Children from Oyster Adams Elementary walk to their school. A new policy aims at giving parents more choices to enroll students in charter schools within walking distance of their homes. (Kate Patterson for The Washington Post) (Kate Patterson/For The Washington Post)

Thousands of D.C. children who live near public elementary charter schools could soon qualify for a new admission preference to help them enroll in those schools under a plan Mayor Muriel E. Bowser (D) announced Monday.

Under the city’s current policy, students have a guaranteed seat in a traditional public school near their home. But those assigned neighborhood schools — all part of the D.C. Public Schools — are sometimes more than a half mile away. That can make it hard for elementary students to walk to school.

In those cases, Bowser said, families that live no more than a half mile from a charter school should get special consideration through the city’s school lottery system. The mayor said she wants to “make it easier for more of our students to enroll in charter schools that are within walking distance of their home.”

Bowser’s proposal for a “walkability preference” would target an estimated 10,000 students who live more than a half mile away from their assigned traditional school but less than a half mile from a charter school. Charter schools would not be required to offer an admission preference to those students, but they would be allowed to do so.

The policy, if approved by the D.C. Council, would take effect in the 2018-19 school year. It could have a significant effect on a public education marketplace that gives parents many options. About 29,000 students from pre-kindergarten through 5th grade were enrolled in D.C. Public Schools in 2015-16, compared to about 21,600 in charter elementary schools that year.

Bowser has pushed to increase school choice in the District. But some education advocates questioned Monday’s proposal. They said it could drain students from traditional D.C. schools and make it harder for students from low-income families to get into top charter schools, which are often located outside of their neighborhoods.

In 2012, a 12-member D.C. task force considered whether to require all charter schools to offer a neighborhood preference, but the idea was rejected.

Council member David Grosso (I-At Large), who chairs the Council’s education committee, said he has some “reservations” about the proposal and has already heard some “vocal uproar.”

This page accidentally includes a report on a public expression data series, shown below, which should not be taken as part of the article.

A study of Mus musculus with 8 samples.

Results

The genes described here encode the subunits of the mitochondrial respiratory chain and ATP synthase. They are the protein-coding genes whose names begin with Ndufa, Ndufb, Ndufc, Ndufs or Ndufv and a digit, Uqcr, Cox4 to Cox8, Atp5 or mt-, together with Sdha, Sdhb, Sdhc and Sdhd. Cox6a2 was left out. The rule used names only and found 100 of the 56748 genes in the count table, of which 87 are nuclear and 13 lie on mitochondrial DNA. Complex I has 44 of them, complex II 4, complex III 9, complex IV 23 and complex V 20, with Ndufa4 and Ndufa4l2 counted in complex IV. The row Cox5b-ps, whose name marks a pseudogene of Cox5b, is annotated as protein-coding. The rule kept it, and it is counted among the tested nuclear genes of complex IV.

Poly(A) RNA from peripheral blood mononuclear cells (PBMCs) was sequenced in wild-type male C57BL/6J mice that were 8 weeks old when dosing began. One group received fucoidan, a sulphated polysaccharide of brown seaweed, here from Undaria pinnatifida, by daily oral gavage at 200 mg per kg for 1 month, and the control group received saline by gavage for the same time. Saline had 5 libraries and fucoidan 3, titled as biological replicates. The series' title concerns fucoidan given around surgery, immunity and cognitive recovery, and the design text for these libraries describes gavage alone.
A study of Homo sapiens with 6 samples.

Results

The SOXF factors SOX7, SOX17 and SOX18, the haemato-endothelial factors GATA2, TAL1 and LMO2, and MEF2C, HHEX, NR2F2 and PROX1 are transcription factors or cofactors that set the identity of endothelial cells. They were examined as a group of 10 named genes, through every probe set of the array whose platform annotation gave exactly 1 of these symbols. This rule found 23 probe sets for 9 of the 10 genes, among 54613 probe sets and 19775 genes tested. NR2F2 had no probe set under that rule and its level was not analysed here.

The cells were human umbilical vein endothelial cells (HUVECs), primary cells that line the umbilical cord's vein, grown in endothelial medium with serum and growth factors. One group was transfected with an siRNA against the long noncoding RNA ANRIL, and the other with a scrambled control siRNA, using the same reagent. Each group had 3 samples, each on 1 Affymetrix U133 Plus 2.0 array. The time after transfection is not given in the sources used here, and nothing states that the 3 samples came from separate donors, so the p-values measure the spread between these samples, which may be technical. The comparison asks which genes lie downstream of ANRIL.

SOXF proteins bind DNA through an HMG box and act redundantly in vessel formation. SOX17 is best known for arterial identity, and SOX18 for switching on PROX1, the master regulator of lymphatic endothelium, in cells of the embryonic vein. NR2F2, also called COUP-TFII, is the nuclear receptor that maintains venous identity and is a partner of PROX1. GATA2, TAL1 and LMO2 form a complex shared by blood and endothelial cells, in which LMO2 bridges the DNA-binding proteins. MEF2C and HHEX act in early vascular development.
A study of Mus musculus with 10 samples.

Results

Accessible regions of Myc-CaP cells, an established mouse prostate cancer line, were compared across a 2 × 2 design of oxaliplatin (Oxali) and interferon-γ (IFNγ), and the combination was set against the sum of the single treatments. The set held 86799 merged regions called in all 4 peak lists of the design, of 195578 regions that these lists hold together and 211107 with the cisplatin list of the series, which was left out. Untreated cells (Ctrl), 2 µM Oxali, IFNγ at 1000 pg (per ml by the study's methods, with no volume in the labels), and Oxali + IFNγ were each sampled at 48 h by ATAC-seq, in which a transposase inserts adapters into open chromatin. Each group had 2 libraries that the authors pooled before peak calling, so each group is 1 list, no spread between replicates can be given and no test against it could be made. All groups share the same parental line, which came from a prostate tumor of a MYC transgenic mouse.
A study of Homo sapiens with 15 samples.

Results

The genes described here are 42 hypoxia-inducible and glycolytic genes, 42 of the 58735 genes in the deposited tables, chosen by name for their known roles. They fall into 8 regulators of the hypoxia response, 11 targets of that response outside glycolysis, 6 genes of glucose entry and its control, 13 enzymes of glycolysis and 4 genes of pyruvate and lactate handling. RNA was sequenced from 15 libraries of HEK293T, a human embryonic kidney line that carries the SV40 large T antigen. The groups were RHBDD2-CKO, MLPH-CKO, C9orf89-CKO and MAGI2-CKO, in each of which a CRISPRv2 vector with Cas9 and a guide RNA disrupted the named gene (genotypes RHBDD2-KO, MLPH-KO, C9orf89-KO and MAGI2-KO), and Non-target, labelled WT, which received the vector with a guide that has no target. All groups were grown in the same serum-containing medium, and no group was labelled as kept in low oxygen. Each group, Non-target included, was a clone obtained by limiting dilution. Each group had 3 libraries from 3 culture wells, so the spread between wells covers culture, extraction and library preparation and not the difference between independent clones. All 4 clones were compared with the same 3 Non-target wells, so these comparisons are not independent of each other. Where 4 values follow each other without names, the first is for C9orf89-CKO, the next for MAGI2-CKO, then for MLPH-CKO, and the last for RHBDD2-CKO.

“This is very complicated stuff that could perpetuate divisions within our city and communities, and it will have to be very thought through,” Grosso said. “I am not too inclined to support it, but I am open to having a conversation.”

Under the lottery system, there are charter school enrollment preferences for children of founding board members and siblings of current students. Grosso said adding another preference would possibly deny students an equal opportunity to enroll in quality schools.

It is unknown how many of the District’s 82 elementary charter schools support the measure. Scott Pearson, executive director of the D.C. Public Charter School Board, called the measure an “interesting enrollment proposal that addresses real issues families face.”

He added, “All preferences have complex effects so we’re speaking with school leaders and others to better understand their perspectives.”

Eboni-Rose Thompson, the chair of the Ward 7 education council, said she fears the changes would mean less access to high-quality schools. In Ward 7, for example, there are no dual-language charter schools. Most of those schools are in Wards 1 and 4. Under the proposal, some students in Ward 1 might have greater access to those schools because they live near them. That would leave fewer seats available for students from Ward 7.

“When we accepted charters into the city, they were supposed to be city-wide schools. What happened to that?” Thompson asked. “Do we just throw that away because we are trying to get at a different problem?”

Caryn Ernst, a parent activist, sits on a mayoral task force that aims to increase collaboration between charters and the school system. Ernst said she was surprised to learn about Bowser’s proposal. The task force last fall considered and rejected a similar idea, according to Ernst.

“The idea that she would announce this is astonishing to me and it completely undermines the purpose of a task force,” Ernst said.

Bowser also proposed raising annual facilities funding for charter schools, to $3,193 per pupil. That would be 2.2 percent more than the current level of $3,124 per pupil.

Bowser announced her proposals at D.C. Bilingual Public Charter School in Northeast Washington, along Pearson and Deputy Mayor for Education Jennifer C. Niles. John Davis, the interim chancellor of D.C. Public Schools, was not present.

Antwan Wilson, the incoming chancellor of DCPS, starts his new job Wednesday.

Michelle Lerner, the spokeswoman for DCPS, said the school system looks forward to working with the city on the lottery changes “so that all families can access high-quality schools.”